The term benthos indicates the collective set or assemblage of organisms at or near the bottom of seas, lakes, and rivers. Many of these organisms are relatively or completely sedentary, moving very slowly or being fixed to the bottom. These assemblages can be further divided into those that live either on the bottom itself or on other organisms—the epifauna (animals) and epiflora (plants)—and animal assemblages that live just below the surface—the infauna. Fishes and other more motile organisms that are habitually part of the benthic system but that maintain the capacity to swim from place to place are described as being demersal.

The benthos contrasts with pelagic organisms in marine and freshwater environments (also called limnetic in freshwater systems). Many organisms spend parts of their life cycles inhabiting both the benthos and the pelagic environments. For example, many types of organisms have a larval stage that disperses as part of the drifting plankton in the pelagic zone before settling to the bottom and developing into a benthic juvenile stage. Other species may reproduce in part within the benthos but have adults that inhabit the pelagic zone as swimming (that is, nektonic) individuals.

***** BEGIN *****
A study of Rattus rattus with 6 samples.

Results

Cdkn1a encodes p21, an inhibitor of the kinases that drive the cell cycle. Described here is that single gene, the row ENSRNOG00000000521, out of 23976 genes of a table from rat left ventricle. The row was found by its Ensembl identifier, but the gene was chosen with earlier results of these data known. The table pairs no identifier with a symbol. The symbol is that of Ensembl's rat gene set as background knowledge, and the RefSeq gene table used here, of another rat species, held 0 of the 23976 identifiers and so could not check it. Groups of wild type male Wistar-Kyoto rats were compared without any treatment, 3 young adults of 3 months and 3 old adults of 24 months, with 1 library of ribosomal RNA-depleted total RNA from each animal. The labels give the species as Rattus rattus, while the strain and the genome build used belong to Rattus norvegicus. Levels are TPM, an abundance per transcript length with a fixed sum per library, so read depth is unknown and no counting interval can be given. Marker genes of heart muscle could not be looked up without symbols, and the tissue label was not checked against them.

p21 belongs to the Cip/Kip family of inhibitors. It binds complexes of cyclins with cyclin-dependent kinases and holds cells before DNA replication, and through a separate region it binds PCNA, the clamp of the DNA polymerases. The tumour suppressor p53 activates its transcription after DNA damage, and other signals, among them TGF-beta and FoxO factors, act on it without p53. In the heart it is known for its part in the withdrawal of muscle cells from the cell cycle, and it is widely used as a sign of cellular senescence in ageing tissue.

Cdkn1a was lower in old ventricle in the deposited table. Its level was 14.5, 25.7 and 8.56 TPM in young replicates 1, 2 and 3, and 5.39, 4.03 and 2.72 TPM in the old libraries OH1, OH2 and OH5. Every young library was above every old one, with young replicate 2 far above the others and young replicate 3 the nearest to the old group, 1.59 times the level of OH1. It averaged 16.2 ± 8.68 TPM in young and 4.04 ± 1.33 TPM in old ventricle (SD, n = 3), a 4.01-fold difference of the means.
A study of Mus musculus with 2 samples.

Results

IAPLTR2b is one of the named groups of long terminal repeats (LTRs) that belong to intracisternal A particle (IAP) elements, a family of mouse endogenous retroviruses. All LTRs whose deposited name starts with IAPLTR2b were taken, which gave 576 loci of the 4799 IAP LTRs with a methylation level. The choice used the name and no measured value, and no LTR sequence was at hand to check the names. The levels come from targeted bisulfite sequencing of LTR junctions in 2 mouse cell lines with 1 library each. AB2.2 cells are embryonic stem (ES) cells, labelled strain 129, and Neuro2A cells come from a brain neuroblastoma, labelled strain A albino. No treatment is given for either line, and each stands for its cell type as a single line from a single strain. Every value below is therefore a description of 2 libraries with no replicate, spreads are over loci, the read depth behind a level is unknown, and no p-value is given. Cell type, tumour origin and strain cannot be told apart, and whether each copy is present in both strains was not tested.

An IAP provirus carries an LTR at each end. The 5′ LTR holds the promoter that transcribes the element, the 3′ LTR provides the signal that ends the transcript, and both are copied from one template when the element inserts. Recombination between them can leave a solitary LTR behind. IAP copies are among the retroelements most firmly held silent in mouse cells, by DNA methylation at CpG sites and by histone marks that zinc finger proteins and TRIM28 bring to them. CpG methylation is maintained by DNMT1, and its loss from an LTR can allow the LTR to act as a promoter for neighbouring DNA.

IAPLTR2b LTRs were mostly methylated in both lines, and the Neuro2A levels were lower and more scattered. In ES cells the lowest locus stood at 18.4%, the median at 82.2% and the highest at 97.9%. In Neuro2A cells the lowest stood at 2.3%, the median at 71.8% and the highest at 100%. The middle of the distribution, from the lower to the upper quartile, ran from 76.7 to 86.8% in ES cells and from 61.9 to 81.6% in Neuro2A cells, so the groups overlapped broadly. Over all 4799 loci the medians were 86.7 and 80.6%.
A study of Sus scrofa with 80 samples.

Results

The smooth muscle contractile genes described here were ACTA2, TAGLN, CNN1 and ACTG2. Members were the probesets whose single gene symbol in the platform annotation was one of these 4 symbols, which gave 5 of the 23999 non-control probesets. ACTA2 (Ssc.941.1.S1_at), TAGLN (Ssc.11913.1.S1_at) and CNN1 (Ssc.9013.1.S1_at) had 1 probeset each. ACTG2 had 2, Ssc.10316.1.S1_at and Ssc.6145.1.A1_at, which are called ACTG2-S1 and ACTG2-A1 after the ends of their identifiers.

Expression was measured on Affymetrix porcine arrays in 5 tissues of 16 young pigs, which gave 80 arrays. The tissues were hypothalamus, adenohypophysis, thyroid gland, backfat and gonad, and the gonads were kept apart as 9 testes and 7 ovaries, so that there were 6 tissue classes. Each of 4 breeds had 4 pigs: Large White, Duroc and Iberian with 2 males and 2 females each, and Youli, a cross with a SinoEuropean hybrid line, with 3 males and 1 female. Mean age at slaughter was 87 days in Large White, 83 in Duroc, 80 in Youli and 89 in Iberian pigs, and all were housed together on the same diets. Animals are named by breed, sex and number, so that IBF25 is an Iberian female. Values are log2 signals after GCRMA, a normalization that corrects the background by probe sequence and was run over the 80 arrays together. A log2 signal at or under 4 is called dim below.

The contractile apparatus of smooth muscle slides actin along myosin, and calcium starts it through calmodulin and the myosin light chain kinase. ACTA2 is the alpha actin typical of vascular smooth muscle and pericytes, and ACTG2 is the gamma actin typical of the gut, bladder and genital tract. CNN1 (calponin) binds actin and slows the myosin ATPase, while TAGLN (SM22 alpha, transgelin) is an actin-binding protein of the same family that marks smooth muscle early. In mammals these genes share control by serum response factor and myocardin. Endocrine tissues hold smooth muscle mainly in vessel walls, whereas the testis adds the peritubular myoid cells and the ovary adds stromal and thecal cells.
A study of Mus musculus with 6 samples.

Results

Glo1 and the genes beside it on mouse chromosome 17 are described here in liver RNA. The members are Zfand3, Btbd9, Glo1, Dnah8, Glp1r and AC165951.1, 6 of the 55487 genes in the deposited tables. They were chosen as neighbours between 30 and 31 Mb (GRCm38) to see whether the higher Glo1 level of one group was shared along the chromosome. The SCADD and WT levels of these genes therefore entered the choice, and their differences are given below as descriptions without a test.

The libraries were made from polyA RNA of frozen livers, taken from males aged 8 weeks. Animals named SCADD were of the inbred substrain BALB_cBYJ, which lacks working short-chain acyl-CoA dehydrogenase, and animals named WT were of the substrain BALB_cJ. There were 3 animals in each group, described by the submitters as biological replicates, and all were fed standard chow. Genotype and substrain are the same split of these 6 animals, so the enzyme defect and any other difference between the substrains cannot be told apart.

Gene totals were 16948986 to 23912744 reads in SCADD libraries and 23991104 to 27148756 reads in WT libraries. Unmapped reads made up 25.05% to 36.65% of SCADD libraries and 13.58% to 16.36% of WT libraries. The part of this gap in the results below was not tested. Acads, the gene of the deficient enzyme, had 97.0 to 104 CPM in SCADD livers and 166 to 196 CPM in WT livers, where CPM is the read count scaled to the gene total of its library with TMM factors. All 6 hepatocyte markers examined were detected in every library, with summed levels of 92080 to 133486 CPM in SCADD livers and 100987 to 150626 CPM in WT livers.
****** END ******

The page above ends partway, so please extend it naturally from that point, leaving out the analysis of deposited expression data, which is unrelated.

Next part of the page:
Many benthic organisms, especially certain algae, sponges, corals (see Cnidarians and Coral Reefs), and worms (see Annelids) that create substantial biogenic structures as they grow, are important "ecosystem engineers" within the benthos. These organisms contribute structural complexity to various marine habitats, and therefore provide new microenvironments for other benthic organisms.

—Daniel R. Brumbaugh See also: Ecology; Ecosystems; Lakes; Oceans Bibliography

Dodson, Stanley I., et al. 1998. Ecology. Oxford: Oxford University Press; McNaughton, Samuel J., and

Larry L. Wolf. 1979. General Ecology, 2d ed. New York: Holt, Rinehart and Winston; Putman, Rory J. 1994. Community Ecology. London: Chapman and Hall.